David Herrle reviews Joy Ann J. Cabanos' Brightness
published by AuthorHouse
At the risk of sounding self-satisfied (something I could never achieve), I'm not sure how to go beyond that statement in promoting Cabanos' debut poetry book. There's a skimness to the poems; one doesn't get lost in cream and calories. What is her father's smile and laughter? Her "true north." She's anxious for the sunrise that seems to never come, and the shadows advise, "wait. breathe. wait." Two women return from Florence: one filled with Giotto and Botticelli, the other filled with Versace, Ferragamo. No odes to Grecian urns - but to wildflowers and a redhead (who happens to be a lovely painter and one of the author's mentors). How does she revere her aunt? By celebrating her special lasagna. "Soup/simmers memory" opens a piece entitled "Nilaga." In "Out of Richmond Mornings" she translates birdcall into human sentences.
Though Cabanos' language tends toward quaintness (not in the bad way), it's usually presented freshly. She's not afraid to use dance motifs, to ask poesyish questions such as "could I/would I, should I/love you" (without a question mark). In "Not Dancing" she is unabashedly poetic: "You may think me a sylph/or some raptor unfettered by gravity." Likewise when she calls a tree "the Rooted Guardian." But in "Colors From a Past Life": "[Y]ou've chosen lies, not life force -/that pixel sun,/that jpeg sea,/those plasma blooms..."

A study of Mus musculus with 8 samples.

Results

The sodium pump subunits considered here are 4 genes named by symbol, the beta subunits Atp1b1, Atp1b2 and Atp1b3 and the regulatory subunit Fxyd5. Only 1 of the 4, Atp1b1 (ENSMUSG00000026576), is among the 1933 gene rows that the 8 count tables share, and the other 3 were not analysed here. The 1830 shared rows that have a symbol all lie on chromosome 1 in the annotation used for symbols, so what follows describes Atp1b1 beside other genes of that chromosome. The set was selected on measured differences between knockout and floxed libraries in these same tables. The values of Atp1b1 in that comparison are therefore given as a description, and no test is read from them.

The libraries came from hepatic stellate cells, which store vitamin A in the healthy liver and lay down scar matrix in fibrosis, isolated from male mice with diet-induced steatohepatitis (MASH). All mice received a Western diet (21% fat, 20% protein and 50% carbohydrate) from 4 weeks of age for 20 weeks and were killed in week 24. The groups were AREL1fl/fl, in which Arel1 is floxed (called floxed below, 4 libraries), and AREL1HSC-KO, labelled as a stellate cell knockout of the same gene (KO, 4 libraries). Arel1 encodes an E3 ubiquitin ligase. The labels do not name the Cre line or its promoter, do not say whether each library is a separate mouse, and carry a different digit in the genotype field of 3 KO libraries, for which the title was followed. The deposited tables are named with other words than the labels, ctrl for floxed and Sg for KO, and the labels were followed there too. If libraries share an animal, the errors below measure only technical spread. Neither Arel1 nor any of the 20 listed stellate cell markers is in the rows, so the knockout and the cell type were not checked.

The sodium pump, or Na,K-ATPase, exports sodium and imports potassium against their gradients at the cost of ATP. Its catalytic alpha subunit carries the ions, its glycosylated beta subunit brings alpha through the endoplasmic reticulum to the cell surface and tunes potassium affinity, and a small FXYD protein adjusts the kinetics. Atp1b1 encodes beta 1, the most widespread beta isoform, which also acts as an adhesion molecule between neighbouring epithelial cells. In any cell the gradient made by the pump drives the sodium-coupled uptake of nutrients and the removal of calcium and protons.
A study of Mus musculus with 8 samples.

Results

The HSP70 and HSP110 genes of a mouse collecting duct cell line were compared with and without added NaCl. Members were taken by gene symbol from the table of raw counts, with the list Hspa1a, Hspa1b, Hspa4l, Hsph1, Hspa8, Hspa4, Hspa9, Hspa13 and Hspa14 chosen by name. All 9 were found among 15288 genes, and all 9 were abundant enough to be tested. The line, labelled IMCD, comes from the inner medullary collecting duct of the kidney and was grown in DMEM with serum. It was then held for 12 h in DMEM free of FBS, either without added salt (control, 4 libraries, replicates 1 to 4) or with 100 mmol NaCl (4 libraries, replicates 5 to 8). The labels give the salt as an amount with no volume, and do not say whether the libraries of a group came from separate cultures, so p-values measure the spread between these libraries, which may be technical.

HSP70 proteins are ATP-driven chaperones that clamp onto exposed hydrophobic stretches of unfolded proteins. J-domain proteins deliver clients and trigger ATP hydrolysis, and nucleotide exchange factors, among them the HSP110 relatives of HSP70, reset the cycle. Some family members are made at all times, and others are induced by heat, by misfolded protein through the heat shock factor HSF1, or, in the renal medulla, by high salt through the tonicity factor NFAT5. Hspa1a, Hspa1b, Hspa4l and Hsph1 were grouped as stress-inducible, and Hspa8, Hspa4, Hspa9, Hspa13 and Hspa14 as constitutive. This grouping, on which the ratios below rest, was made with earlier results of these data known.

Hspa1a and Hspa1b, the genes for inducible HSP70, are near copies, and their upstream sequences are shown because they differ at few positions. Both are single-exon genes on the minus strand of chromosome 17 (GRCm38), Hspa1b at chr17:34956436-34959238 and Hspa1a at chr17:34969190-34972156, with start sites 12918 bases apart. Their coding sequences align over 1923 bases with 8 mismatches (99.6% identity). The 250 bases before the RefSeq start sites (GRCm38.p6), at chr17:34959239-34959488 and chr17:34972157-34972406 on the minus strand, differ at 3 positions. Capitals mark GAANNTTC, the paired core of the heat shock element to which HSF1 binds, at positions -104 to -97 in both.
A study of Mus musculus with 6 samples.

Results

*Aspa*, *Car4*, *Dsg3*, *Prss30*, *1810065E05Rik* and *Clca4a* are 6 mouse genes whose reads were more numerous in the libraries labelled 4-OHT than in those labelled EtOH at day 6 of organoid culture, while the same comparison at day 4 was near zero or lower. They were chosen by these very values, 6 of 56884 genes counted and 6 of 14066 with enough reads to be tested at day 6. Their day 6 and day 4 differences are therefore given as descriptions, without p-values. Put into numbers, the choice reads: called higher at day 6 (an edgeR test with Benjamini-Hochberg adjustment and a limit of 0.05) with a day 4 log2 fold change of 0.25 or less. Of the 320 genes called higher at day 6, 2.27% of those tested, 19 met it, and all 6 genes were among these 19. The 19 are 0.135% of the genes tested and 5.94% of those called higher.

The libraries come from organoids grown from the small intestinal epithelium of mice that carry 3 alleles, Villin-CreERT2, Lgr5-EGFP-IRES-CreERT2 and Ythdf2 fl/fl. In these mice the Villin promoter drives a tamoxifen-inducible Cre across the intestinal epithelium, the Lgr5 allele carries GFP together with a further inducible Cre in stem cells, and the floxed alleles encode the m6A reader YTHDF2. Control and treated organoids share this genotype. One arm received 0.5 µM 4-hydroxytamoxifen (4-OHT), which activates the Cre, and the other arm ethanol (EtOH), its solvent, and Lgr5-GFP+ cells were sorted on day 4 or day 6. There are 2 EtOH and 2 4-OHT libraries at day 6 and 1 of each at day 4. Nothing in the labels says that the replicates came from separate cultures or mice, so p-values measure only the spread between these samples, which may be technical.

Fourteen plates of Cabanos' original paintings and sketches (and some photographs) enliven the text and deepen the sense of the poet's love for her subjects. They also show off her (primary) talents in the visual arts. Many of the pieces are studies, which seem more touching due to not being full-blown compositions, especially when they portray her family. What a treat to see the poet's father laughing while reading about his laugh. (A "true north" if I ever saw one!)
Brightness chronicles Cabanos' confessional fluctuations through shadows and light while sustaining a rare and enviable underlying exuberance, a...joy (what an appropriate namesake!) even in the loss of loved ones and the frustrating duration of learning, becoming. In one of the opening poems she is "tired/of dreams remaining dreams;" in the closing piece she vows to be "the one who peels the rainbow off the floor/and hoists it/onto the worldwearied lines of sight."
- review by David Herrle 1/2012
Author bio: Joy Ann J. Cabanos grew up in Manila, the Philippines. She moved to various cities in the US, lived in the UK, and traveled in England, France, Greece and Italy. Her poems have been published in SubtleTea.com and Exit 13 Magazine. A collection of her poems is featured in The Baker’s Dozen Vol. 3, an anthology of works by international poets published by The Cole Foundation, 2009. Joy is affiliated with South Mountain Poets (NJ). As a painter, she has had several solo and group art shows and continues to exhibit locally and internationally. She is a member of the Westfield Art Society Drawing Group, the Visual Arts Center of New Jersey, and the Contemporary Art Group (NJ.)
Joy’s last solo art exhibit, New Eyes (at Windsor Street Gallery, Chertsey, UK) featured her paintings and poems together with great success.